Indications of the current election result verification process in Zimbabwe reportedly suggest that there will be an election run-off. But the main opposition Movement for Democratic Change (MDC) maintains it won the March 29 disputed elections. The MDC accused the Mugabe-led ZANU-PF government of trying to buy time with the ongoing results verification, adding that it is a calculated attempt to thwart the party of its election victory. The ruling ZANU-PF party rejects the opposition’s accusation, saying it is focusing on winning the election run-off.

Disputed presidential results out show MDC candidate Morgan Tsvangirai leading with 47 percent of the votes, while incumbent President Robert Mugabe follows closely with 43 percent. Simba Makoni, the only independent candidate, trails the two with 10 percent of the votes. Glen Mpani is a Zimbabwean political analyst with the University of Cape Town in South Africa. He tells reporter Peter Clottey that the MDC finds itself in a very difficult position.

“As you know, ever since the presidential election results have not been announced by the Zimbabwe Electoral Commission, ZANU-PF has been providing all sorts of indications that they are preparing for a run-off. And this was based on the fact that it was the only possible alternative that would be acceptable to them after the claim by the MDC that it had won the election. And I think if the evidence is there and it is true and confirmed that there is indeed no possible outright winner, it will go for a run-off,” Mpani pointed out.

He said the political climate in the country renders it difficult for an election run-off.

“But I think in a climate of an election result that has not been disclosed for the past four weeks, the credibility of that result is going to be questionable. And I don’t think the opposition would accept that considering that they had a parallel process, in which they have announced that Morgan Tsvangirai got 50 percent plus one, and he is the outright winner of the presidential election,” he said.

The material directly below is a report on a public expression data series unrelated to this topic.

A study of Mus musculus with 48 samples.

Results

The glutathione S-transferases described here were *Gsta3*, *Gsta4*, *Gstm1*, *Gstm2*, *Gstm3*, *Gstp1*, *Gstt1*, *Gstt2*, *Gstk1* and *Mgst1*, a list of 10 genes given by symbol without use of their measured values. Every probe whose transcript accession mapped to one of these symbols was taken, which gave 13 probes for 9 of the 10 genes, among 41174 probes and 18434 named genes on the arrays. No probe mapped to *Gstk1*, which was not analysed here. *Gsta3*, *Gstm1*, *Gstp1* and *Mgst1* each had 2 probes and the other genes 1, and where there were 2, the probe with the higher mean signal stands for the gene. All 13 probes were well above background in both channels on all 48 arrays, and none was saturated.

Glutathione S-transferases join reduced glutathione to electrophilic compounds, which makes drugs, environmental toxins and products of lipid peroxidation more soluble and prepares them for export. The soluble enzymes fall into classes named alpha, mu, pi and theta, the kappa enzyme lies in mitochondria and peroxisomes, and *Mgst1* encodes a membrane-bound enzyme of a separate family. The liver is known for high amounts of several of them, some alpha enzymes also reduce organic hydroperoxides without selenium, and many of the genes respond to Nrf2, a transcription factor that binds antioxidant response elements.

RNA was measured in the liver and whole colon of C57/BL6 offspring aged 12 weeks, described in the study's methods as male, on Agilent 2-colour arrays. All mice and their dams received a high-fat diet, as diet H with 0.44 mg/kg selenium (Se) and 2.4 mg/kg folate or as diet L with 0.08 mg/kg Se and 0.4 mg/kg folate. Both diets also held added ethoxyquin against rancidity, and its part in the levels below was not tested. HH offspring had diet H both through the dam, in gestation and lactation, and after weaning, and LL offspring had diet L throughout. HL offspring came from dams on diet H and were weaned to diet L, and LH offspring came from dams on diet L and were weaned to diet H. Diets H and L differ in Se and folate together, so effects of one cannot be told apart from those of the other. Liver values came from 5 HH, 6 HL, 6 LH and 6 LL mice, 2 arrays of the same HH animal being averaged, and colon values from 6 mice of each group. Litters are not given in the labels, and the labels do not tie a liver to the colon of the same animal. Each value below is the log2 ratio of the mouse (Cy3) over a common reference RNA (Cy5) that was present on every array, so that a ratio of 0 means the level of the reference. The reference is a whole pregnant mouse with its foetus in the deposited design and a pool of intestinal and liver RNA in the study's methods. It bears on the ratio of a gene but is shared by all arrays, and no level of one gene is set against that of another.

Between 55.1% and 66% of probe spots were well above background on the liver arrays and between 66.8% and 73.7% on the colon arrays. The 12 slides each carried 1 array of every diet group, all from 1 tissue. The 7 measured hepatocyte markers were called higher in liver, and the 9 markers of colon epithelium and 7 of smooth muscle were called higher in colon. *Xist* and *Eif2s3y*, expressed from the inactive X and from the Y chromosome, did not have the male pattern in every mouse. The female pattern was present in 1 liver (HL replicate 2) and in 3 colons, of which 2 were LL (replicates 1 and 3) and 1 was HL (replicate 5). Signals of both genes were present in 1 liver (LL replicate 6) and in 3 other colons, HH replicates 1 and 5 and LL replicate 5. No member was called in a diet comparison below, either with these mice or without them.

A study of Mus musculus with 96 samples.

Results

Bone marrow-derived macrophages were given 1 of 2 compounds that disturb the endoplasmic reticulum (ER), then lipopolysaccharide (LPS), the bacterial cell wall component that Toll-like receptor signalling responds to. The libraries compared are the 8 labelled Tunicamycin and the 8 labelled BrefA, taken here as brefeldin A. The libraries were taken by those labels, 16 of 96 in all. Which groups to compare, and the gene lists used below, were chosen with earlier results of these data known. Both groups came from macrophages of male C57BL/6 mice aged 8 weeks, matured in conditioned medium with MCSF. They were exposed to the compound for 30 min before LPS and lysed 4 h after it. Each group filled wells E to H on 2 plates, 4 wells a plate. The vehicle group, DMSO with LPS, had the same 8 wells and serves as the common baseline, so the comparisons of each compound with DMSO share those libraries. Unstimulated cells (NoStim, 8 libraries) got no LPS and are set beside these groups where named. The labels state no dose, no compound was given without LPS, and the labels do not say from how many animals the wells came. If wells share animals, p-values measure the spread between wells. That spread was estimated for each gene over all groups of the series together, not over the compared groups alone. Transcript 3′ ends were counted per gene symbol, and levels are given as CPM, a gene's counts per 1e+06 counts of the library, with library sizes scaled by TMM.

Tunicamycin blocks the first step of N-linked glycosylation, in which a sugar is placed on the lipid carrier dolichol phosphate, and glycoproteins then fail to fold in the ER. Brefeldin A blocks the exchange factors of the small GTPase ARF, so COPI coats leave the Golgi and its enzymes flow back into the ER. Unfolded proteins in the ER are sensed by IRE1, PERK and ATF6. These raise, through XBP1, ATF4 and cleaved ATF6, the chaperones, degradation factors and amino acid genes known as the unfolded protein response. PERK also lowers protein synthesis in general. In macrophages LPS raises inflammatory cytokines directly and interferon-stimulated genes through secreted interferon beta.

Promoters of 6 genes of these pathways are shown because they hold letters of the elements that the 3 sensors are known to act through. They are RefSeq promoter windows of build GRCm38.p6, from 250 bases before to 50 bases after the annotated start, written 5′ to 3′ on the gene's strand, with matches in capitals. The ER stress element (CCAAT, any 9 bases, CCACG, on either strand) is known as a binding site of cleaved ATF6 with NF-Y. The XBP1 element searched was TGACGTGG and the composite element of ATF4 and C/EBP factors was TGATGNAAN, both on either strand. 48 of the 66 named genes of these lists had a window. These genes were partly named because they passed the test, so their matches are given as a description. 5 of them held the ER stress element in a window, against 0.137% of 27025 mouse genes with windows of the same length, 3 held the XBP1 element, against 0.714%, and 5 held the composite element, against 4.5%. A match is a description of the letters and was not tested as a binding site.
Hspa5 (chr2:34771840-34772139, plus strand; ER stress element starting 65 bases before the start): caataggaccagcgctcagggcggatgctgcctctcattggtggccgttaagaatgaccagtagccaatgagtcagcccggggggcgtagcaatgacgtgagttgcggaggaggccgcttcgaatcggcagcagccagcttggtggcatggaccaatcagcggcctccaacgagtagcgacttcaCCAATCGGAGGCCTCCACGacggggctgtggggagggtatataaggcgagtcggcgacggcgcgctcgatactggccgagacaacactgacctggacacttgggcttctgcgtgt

Mpani said the opposition’s fear of an uneven playing field in an election run-off is credible.

“The opposition is correct in indicating that the environment in Zimbabwe is not conducive for an election run-off. One, I think the Zimbabwe Electoral Commission neutrality and impartiality has been highly compromised by the way they have been flip-flopping and coming up with positions that are pro-ZANU-PF in nature, and I think their neutrality is very questionable. And I think the political violence in the country now where MDC supporters are being hounded from their areas, if the elections are going to be held at the level where a lot of people are displaced, that will work against the MDC,” Mpani noted.

He reiterated that the opposition stands at a big disadvantage if it participates in the election run-off.

“Their (MDC) concerns are very justified. If you read the number of reports that we are getting from Zimbabwe where within the rural areas people are being burned, their houses are being run down. The country is under siege by ZANU-PF thugs. Their (MDC) claim is quite right that even if they are to go out and start campaigning, they are more or less exposing their supporters to further beatings by ZANU-PF. And I think going for an election in that environment in all fairness, it does not present an environment that can allow one to express their views openly because at least now they know what is going to come out of an election, and there are not guarantees of their security. One of the major challenges for the MDC is to be able to convince their supporters that after the election, they are going to be protected,” he said.